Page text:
Kobo Glo HD review: A great option for your first e-reader


The Bad Like most E Ink e-readers, it handles PDFs badly. In addition, its recommendation algorithms are generally quite baffling, and its store, while growing, is small compared to its direct competitors.

The Bottom Line Though its store still has room to grow, the Kobo e-reader offers a smooth, simple and user-friendly experience at a competitive price point.

7.5 Overall
  • Design 9
  • Ecosystem 7
  • Features 6
  • Performance 9
  • Value 7.5

The Glo HD is the latest E-reader from Kobo to hit the market, and it's a handsome, compact little device.

It also marks a return to the Glo range for Kobo, who followed up the original Glo with a series of higher-end devices: the Aura, the Aura HD and the waterproof Aura H2O. For the last few iterations of Kobo's devices, changes have been incremental as the company toys with different sizes and features, boosts the resolution of the E Ink display, and tweaks the software.

But now manufacturer Rakuten has turned back to the Glo with a new high-resolution screen. The Glo HD is a worthy successor to 2012's Glo, graced with a six-inch screen packing in a resolution of 1,448x1,072 pixels, or 300ppi. Its nearest equivalent would be the recently released Kindle Voyage, which has an ever-so-slightly lower resolution at 1,430x1,080 pixels.

The company has also learned a thing or two about competitive pricing, bringing the Glo HD to a $129 price point. It's an attractive option next to the $139 Kindle Paperwhite Wi-Fi, or even the $99 Nook GlowLight, which has a lower-resolution screen and isn't available outside the US.

If you're in the UK or Australia the Glo HD is going to set you back £110 or AU$180.


The Glo HD has made a return to the smaller build, after the larger "premium" sizes of the Aura HD and Aura H2O. It comes in at 157 x 115 x 9.2 mm (6.1 x 4.5 x 0.3 inches), and 180g or 6.3 ounces, a size much more amenable to being slipped into a coat pocket or a bag.

Kobo has always preferred a minimalist approach to design. There are no external bells and whistles on the e-reader's chassis, just a power button on the top edge and a micro-USB port on the bottom. This means that the Kobo Glo HD has eschewed the micro-SD card slot that has been present in the majority of the company's other products, but you're unlikely to miss the expandable storage option.

Everything else is handled via the touchscreen interface: there are no physical buttons for turning pages (a common feature for e-readers now) and the Glo HD's internal lighting is controlled via a slider on the screen, accessible via an icon next to the battery indicator.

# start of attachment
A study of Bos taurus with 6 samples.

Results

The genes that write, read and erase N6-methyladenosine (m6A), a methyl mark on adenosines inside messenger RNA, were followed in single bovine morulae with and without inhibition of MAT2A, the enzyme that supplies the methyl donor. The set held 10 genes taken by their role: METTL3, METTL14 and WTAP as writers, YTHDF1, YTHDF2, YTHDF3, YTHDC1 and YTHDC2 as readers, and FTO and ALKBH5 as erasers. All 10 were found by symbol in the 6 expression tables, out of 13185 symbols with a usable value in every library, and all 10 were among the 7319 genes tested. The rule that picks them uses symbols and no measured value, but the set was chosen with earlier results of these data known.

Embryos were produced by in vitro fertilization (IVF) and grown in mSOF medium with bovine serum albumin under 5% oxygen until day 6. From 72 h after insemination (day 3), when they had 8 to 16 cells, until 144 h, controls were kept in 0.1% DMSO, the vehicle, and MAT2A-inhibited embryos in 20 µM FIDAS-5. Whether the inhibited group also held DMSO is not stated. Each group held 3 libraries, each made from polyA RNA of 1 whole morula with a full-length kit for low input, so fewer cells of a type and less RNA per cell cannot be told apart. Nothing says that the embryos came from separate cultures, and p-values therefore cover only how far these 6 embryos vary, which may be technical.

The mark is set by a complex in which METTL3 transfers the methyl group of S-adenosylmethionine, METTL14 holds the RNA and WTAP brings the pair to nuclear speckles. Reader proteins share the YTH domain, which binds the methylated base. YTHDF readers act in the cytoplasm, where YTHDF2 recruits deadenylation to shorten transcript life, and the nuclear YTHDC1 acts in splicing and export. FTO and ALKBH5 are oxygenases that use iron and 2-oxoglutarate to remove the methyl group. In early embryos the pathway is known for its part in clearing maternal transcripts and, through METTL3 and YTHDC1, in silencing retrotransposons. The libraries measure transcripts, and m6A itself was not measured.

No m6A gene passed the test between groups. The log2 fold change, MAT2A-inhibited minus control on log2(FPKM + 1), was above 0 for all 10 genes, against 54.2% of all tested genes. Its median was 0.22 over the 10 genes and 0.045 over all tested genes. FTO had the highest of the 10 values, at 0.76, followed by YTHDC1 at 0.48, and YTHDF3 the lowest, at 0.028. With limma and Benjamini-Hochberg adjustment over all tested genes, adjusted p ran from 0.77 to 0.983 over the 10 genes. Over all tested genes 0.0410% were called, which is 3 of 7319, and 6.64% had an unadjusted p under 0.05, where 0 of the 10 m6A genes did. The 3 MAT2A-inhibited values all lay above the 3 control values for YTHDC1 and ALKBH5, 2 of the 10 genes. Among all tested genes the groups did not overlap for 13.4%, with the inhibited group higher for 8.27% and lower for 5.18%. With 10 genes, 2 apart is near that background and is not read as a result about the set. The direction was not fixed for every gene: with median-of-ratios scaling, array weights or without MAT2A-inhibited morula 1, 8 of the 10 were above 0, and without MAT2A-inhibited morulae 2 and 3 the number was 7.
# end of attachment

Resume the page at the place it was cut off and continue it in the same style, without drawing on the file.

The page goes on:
Dave Cheng/CNET

That isn't to say the design is lacking. The company has renewed its efforts in creating an appealing tactile experience. The black bezel has a comforting curve around the edges, and the silky rubberised texture on the back has made a return, this time with a dotted pattern rather than in the old quilted style.

The result is a device that is comfortable to hold for long periods, very easy to carry around and doesn't distract with excessive buttons. Apart from its tendency to smudge a little with fingerprints, it's difficult to think of any improvement that could be made.


One of the things I love most about the Kobo e-reader is its stylish, yet intuitive, user interface. Based around a tiled view, everything you use regularly is displayed on the e-reader's home page, with your current book displayed in its own column on the left, and the middle and right columns shuffling to adapt to what you actually use.

These tiles can include books you have recently read, Pocket, which can be used to sync articles from the web for offline reading, recommended and related books, the on-board web browser, which can be accessed from "Beta Features" in the settings menu and Reading Life, which has become a much less intrusive part of the Kobo experience.

Reading Life, introduced in 2010, was Kobo's attempt at a "social platform" for reading. It's now tucked at the bottom of the home screen, next to the permanent links for the on-board library and the Kobo ebook store, under the heading "Extras." It offers awards for reading milestones (reading for a certain amount of time, or a certain number of books), and you can also jump in to check out your reading stats.

As mentioned, you can also access your library of ebooks from the bottom right corner of the home screen, as well as the Kobo ebook store. The store itself has improved in terms of available content since its original launch, although it's doubtful it will ever be able to match Amazon completely.